It is the middle of summer and you are no doubt dying for a respite from the heat. To help you out today I am sharing a cool topic – a glacier study.
These amazing frozen rivers are rare to find in your backyard, but that doesn’t mean you should share them with your students.
In this week’s homeschool science corner you will find an explanation, and a tasty activity for you to use with your students for a glacier study!
What is a glacier?
In a nutshell, a glacier is:
A solid river of ice.
Glaciers are frozen rivers that move slowly downhill. They are found in places where it is always cold, like at the tops of very high mountains or in the Arctic regions.
As the snow falls on the top of one of these mountains, it builds up. The heavy top layers press down on the lower layers, which causes them to form ice.
This ice can be hundreds of feet thick. It slowly begins to move down the mountain and as it does, it picks up rock, clay, sand, and other debris from the mountain. The moving ice also develops dangerous cracks, called crevasses, which scientists can use explore the composition and movement of the glacier.
As the glacier travels further down the mountain, it begins to melt and deposit the mountainous rubble it picked up earlier. The water from the melting glacier creates streams which feed the rivers in the area.
Many years ago there were far more glaciers on the Earth than we see today. We can see the evidence these in the valleys they left behind.
These places will have a hollow where the glacier formed and began to move. This hollow is followed by a u-shaped valley that the glacier dug out as it moved down the mountain. Finally at the end of the valley, we will find a collection of rock, clay, and sand, known as moraine, that was left behind as the glacier melted.
An Edible Glacier
So, now that you understand what a glacier is, you can have the students study glacial movement by making their own edible versions.
You will need:
- A can of sweetened condensed milk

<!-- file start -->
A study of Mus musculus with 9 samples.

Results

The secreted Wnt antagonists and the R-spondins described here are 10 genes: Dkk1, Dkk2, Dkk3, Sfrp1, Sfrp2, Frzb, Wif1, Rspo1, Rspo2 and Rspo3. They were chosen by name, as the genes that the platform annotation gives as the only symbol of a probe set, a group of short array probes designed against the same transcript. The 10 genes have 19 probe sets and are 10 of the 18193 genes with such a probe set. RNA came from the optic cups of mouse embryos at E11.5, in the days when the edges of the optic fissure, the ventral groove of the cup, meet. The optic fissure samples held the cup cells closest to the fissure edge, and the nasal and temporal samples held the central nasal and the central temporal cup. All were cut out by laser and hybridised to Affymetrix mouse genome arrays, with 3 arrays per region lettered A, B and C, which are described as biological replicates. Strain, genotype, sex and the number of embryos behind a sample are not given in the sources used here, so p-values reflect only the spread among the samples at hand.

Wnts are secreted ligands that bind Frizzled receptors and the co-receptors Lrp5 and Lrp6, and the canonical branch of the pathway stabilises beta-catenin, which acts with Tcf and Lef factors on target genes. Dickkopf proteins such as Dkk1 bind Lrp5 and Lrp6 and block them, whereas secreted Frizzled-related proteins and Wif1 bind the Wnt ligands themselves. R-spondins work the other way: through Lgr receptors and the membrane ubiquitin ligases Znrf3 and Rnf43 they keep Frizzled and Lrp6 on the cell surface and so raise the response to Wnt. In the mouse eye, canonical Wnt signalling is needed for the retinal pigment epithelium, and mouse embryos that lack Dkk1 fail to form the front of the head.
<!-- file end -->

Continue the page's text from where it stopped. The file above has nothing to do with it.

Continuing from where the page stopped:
- Cereal box
- Chocolate chips or nuts
Begin with making the “glacial ice” by mixing one can of sweetened condensed milk with 1-2 TBSP of cornstarch. Heat the mixture of medium heat until it thickens. Pour the mixture into a bowl and let it cool to the touch before using it in your edible glacier.
Have the students cut out pieces of cereal box cardboard to form a mountain. Then, have them place edible rocks made from chocolate chips or nuts all over the mountain. They can use icing to loosely attach the different pieces.
Once they are satisfied with their mountain, have the students place a glob of the glacial ice on top of their mountain and observe what happens. (They should see that their glacial ice slowly moves down the mountain picking up most of the rocks as it goes. Once the ice reaches the bottom, the students can eat the remains of their glacier.)
If you have older students, you may want to have them make several mountains with different slopes to see if the angle of the hillside affects the movement of the glacial ice.
You can also have your students read more about glaciers from the following books:
- Glaciers (Natural Wonders) by Mari Schuh, Kelly Garvin and Gail Saunders-Smith
- Glaciers (Blastoff! Readers: Learning about the Earth: Level 3) by Colleen Sexton
If you are lucky enough to live near glacier, head outside and check it out! If not, the Glacier National Park website has some good information on glaciers you can check out.
The Final Product
A glacier is really just a river of flowing ice. It is so powerful that it can pick and move boulders that lie in its path, which your students will understand when they make the edible glacier above.
I trust you will enjoy learning about glaciers. If you have any questions along the way, please feel free to leave them in the comments.